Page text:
Google announced recently that it will force users to use two factor authentication (2FA) on all Nest products from this Spring and now it seems that Ring are following on from that but are starting today.
In a blog post today entitled “Extra Layers of Security and Control” Ring said that the 2FA that they already offer to users will be made mandatory for all users when logging into their Ring accounts. The process is fairly simple and it uses SMS or email rather than a 2FA app such as Google Authenticator.
Here’s how it works: With every login on your Ring account, you’ll receive a one-time, six-digit code to verify your login attempt. You’ll need to enter that code before we will allow access to your Ring account. The same goes for any Shared Users that you have on your account. You can choose to receive this one-time passcode via the email address you have listed on your Ring account or on your phone as a text message (SMS). Requiring this code will help ensure that the person trying to log into your account is you. This mandatory second layer of verification will begin rolling out to users today.
For those Ring users out there the next time you log into your Ring account you will see the 2FA prompts. This applies to shared users too. It is simple to setup but I would rather have the ability or choice to use a 2FA app as well.
Ring also detailed their co-operation with third parties, giving users the ability to manage this. Beginning immediately Ring are pausing most third party analytics services in the Ring apps and website while they add in the capabilities to opt out of each service to the Control Centre of the app. You can also opt out of the personalised advertising — ie. stop Ring sharing your information with third-party service providers for the purpose of receiving personalised ads.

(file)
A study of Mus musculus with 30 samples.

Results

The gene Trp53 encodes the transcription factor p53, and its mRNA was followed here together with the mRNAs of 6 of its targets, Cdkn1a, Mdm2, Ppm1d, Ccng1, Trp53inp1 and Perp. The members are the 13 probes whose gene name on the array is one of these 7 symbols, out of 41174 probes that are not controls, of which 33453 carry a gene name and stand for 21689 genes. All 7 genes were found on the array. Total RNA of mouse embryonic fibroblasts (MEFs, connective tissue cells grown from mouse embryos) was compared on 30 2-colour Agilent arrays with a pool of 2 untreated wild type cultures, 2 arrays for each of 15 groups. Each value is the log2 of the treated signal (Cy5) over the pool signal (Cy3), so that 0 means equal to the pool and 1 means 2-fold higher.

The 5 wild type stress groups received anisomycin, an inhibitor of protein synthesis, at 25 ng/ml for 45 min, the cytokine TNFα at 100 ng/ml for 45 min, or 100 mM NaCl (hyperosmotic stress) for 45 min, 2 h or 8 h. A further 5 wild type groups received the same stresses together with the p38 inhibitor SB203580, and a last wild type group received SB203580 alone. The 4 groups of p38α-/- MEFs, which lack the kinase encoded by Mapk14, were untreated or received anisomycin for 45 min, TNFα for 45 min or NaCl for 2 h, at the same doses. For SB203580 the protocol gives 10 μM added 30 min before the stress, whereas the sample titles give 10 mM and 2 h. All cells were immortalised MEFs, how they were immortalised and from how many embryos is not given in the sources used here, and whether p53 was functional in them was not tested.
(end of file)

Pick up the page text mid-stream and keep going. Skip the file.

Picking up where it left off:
Ring then went on to remind everyone the best practices for keeping passwords for your Ring and other online accounts — something you all know about (last night I witnessed my fiance roll off several of her passwords — she only has a few — to an RACV call centre guy until she got to the correct one. He now has all of her passwords…).
It is good to see Ring finally getting serious about account security and giving users some control over what is done with their data. As a Ring user I am glad they are taking this step but it should have been done a long time ago.